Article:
Twenty Indian Army bravehearts, including a Colonel of 16 Bihar Regiment, were killed in the clash with Chinese troops in eastern Ladakh's Galwan Valley on Monday night, the biggest military confrontation in over five decades that has significantly escalated the already volatile border standoff between India and China.
The Army initially said on Tuesday that an officer and two soldiers were killed. But in a late evening statement, it revised the figure to 20 saying 17 others who "were critically injured in the line of duty and exposed to sub-zero temperatures at the standoff location succumbed to their injuries." The news was met with wide anti-China protest in India. People in Ahmedabad, Varanasi and several Indian cities came out on streets to protest China's cowardly act at the LAC.
But this clearly is not the first time China has broken the agreement reached at the border. There have been standoffs between the Indian Army and China's PLA at nearly 3,488 km-long India-China border that stretches from the Kashmir to Arunachal Pradesh in Northeast India.
India-China faceoffs: Times when China crossed the red line
Tulung La - 1975
4 Assam Riffles jawans were killed when their patrol was ambushed by Chinese soldiers at Tulung La in Arunchal Pradesh on October 20, 1975.
Officially, India claimed on 20 October 1975, Chinese forces had crossed over into Indian territory in south of Tulung La, and ambushed Assam Rifles jawans. The Chinese troops also fired at them, resulting in death of 4 Indian soldiers.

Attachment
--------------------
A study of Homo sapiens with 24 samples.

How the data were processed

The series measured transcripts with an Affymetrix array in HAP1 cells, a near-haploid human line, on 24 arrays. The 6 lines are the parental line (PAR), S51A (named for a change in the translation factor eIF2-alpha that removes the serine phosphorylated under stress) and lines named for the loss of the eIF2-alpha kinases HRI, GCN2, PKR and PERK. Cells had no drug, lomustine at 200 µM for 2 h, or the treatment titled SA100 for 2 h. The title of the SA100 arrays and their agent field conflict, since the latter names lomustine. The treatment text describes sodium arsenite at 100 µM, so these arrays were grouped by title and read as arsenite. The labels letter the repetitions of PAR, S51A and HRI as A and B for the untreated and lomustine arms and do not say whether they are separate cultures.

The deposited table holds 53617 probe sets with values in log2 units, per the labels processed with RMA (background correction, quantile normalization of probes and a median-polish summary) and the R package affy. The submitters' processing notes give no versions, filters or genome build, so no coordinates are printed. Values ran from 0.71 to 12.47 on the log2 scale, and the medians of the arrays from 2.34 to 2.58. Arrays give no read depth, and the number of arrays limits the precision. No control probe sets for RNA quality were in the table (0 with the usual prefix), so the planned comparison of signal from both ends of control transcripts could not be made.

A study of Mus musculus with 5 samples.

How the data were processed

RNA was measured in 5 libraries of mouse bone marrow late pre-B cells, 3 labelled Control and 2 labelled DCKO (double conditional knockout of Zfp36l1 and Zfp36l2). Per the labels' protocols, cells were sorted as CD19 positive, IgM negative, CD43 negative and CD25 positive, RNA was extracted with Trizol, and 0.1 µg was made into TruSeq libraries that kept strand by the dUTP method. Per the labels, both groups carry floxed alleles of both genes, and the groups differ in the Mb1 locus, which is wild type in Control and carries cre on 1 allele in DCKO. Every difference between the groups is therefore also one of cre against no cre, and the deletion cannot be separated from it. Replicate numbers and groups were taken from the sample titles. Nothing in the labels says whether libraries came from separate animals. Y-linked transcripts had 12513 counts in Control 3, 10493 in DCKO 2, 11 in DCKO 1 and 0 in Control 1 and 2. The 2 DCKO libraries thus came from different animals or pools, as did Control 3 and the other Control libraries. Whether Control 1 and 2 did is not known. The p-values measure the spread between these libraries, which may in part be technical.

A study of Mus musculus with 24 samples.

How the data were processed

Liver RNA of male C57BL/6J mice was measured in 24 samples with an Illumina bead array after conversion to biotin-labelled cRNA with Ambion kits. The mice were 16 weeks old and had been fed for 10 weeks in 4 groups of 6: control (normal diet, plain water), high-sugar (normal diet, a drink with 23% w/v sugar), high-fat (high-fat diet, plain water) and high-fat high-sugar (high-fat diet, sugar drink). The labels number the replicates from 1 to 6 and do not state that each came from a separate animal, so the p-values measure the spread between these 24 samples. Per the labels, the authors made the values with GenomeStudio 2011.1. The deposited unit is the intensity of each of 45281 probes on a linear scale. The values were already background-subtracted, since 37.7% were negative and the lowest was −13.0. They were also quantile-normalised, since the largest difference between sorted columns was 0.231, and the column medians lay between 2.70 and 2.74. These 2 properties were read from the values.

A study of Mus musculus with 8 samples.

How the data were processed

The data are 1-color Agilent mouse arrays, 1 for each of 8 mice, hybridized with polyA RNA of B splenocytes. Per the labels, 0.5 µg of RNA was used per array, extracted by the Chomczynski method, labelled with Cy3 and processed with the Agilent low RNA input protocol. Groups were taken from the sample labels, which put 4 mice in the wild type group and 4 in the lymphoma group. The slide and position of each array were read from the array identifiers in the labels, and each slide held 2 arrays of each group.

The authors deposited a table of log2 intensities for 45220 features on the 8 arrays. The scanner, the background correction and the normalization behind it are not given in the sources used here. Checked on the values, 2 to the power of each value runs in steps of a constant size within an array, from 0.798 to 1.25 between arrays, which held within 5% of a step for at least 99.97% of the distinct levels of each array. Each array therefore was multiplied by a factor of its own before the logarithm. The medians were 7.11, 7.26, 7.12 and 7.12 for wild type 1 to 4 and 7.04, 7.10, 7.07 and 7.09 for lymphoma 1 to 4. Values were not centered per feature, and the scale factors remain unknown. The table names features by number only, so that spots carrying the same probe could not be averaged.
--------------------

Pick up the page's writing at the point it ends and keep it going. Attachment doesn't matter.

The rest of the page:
Sumdorong Chu 1986-87
Sumdorong Chu incident in 1987 is biggest face-off after 1962 war in north of Tawang in Arunachal Pradesh between. It is one such stand-off between the Indian Army and Chinese People Liberation Army (PLA) where India-China came close to a war. Army chief General k Sundarji airlifted a large number of troops to Sino-Indian border under 'Operation Falcon' to Zimithang to counter China's aggressive moves. These forces occupied the Hathung La, across the Namka Chu from Thag La.
In May 1987, the then Indian Minister of External Affairs, N.D. Tiwari went to Beijing en route to Pyongyang, North Korea. In order to de-escalate the tension, Tiwari gave a clear message that New Delhi had no intention of aggravating the situation. As a result, the first formal flag meeting to discuss 'the freezing of the situation' since 1962, took place on the 5th of August, 1987 at Bum La in the aftermath of the Wangdung affair. Both countries also decided to resume bilateral talks to solve border disputes.
A 21-day face-off saw two armies pitching tents and indulging in banner drills after PLA troops intruded 19 km into India territory in Depsang Bulge area of the DBO sector in Ladakh.
On 15 April 2013, a platoon of 50 Chinese troops established an encampment of four tents 30 km southeast of Daulat Beg Oldi at about 16,300 feet in elevation in the Raki Nala valley. The Indian military followed a policy of restraint, attempting to keep the issue "localized" and "tactical", in order to give the Indian government the opportunity to resolve the issue through diplomacy. The military and diplomatic tensions was resolved after hectic round of negotiations following which the Chinese troops withdrew.
In 2014, Chinese army admitted 2013 incursion at Depsang Valley for 1st time and said such incidents occurred due to different perception about the Line of Actual Control.
A 73-day confrontation on Bhutanese territory of Doklam near the Sikkim-Bhutan-Tibet trijunction after Indian soldiers blocked Chinese troops from extending a road. Doklam is surrounded by the Chumbi Valley of Tibet, Bhutan’s Ha Valley and Sikkim.
The 2017 China India border standoff or Doklam standoff refers to the military border standoff between the Indian Armed Forces and the People's Liberation Army of China over Chinese construction of a road in Doklam near a trijunction border area, known as Donglang, or Donglang Caochang in Chinese. Indian soldiers blocked Chinese troops from extending an existing road southward in Doklam. It was a 73-day confrontation on Bhutanese territory of Doklam near the Sikkim-Bhutan-Tibet trijunction.